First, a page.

In the first Test at Perth yesterday, veteran opener David Warner smashed a gutsy 164 to silence the naysayers and lead Australia to 346 for five against an inconsistent Pakistan attack.
In a brilliant start to his final Test series, the 37-year-old batted for much of day one until being dismissed to Aamer Jamal two balls after hammering the rookie for six.
Warner moved into the top five run-getters for Australia in Test cricket, leapfrogging Matthew Hayden and Michael Clarke, with a near-flawless knock off 211 balls that included 16 fours and four sixes.
He surpassed fellow swashbucklers Sir Viv Richards and Virender Sehwag on the all-time list.
Former Australian paceman Mitchell Johnson questioned if Warner deserved a hero’s send-off considering his recent poor red-ball play and role in the 2018 ball-tampering incident in the build-up.
In his 110th Test, with his back to the wall, Warner reacted in classic swashbuckling form.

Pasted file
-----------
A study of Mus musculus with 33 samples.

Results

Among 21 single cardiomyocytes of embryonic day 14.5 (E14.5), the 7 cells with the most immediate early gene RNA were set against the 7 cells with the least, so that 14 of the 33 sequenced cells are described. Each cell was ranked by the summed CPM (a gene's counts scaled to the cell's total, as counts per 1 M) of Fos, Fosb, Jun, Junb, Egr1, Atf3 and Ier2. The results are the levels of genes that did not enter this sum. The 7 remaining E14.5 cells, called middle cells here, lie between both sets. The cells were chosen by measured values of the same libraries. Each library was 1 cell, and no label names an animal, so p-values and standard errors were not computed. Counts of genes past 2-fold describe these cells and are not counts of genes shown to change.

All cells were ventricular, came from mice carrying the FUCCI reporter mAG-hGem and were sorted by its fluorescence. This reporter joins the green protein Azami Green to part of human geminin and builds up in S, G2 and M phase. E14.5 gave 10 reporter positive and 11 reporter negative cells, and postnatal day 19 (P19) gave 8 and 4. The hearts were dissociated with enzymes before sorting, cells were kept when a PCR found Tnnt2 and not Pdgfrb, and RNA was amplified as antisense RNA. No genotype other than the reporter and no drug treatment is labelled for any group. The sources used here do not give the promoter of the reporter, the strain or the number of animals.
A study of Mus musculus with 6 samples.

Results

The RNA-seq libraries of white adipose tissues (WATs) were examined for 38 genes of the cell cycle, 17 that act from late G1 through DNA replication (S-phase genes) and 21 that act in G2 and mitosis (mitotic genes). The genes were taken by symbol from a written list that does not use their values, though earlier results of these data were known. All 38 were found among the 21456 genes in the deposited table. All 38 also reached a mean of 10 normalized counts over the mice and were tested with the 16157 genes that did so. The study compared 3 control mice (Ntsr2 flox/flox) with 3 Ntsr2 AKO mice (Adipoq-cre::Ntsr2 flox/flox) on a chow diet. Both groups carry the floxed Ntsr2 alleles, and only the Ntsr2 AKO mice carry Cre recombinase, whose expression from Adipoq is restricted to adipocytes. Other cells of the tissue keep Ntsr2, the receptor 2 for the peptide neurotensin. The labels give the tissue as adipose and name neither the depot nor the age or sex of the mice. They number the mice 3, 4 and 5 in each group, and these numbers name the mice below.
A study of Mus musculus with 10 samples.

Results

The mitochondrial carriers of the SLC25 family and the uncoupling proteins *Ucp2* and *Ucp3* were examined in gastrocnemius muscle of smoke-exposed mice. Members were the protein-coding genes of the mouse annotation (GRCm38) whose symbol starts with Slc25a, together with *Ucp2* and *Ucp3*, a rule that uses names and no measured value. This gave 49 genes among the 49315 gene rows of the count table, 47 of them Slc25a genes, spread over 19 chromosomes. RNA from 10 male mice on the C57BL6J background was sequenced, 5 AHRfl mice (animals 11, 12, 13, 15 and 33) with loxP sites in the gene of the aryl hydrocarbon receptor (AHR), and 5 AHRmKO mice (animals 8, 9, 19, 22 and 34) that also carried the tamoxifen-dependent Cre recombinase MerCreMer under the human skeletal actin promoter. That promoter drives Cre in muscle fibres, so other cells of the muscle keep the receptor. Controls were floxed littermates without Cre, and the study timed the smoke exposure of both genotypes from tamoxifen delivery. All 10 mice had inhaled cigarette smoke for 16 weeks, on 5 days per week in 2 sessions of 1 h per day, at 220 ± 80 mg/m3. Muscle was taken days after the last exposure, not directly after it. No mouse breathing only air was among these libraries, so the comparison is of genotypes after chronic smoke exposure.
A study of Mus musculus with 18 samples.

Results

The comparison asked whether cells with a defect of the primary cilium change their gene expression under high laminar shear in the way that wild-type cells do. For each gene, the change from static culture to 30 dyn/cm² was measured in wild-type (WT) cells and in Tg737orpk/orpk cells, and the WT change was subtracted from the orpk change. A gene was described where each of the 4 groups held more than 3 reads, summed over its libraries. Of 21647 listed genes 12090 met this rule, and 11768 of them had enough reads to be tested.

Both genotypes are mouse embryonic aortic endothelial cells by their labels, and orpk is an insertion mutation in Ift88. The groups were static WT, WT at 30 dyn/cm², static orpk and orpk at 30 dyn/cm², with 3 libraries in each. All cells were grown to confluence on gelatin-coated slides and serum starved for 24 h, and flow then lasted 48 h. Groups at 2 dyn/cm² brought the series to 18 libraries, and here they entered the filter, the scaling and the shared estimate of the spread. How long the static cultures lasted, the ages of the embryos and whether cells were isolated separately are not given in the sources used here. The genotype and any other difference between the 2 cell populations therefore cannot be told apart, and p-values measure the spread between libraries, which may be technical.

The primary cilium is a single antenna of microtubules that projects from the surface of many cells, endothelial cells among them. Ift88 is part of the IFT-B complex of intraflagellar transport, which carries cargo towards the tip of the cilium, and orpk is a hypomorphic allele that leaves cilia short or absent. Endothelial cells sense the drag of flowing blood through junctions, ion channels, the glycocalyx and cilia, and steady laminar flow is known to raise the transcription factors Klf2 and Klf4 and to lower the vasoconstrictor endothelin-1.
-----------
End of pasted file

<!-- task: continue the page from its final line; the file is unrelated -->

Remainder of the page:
“People make remarks, but you get one in return.” “You just have to go out there and score runs, and I did that today,” Warner said. “I don’t feel any additional pressure, or any other points I need to prove.”
“It’s okay if people are out to get you or make a headline out of your name. I can’t be concerned with that; I have to be concerned with what I do for the team.”
Warner took a confident single off his first delivery in an opening over from Shaheen Shah Afridi that yielded 14 runs after Pat Cummins won the toss and chose to bat.
After lunch, his strike rate decreased as he approached his 26th Test century, reaching three figures with an uppercut boundary off Jamal, celebrating with his customary leap and putting his finger to his mouth.
“It was a nice, little quiet shush,” Warner added, alluding to the criticism.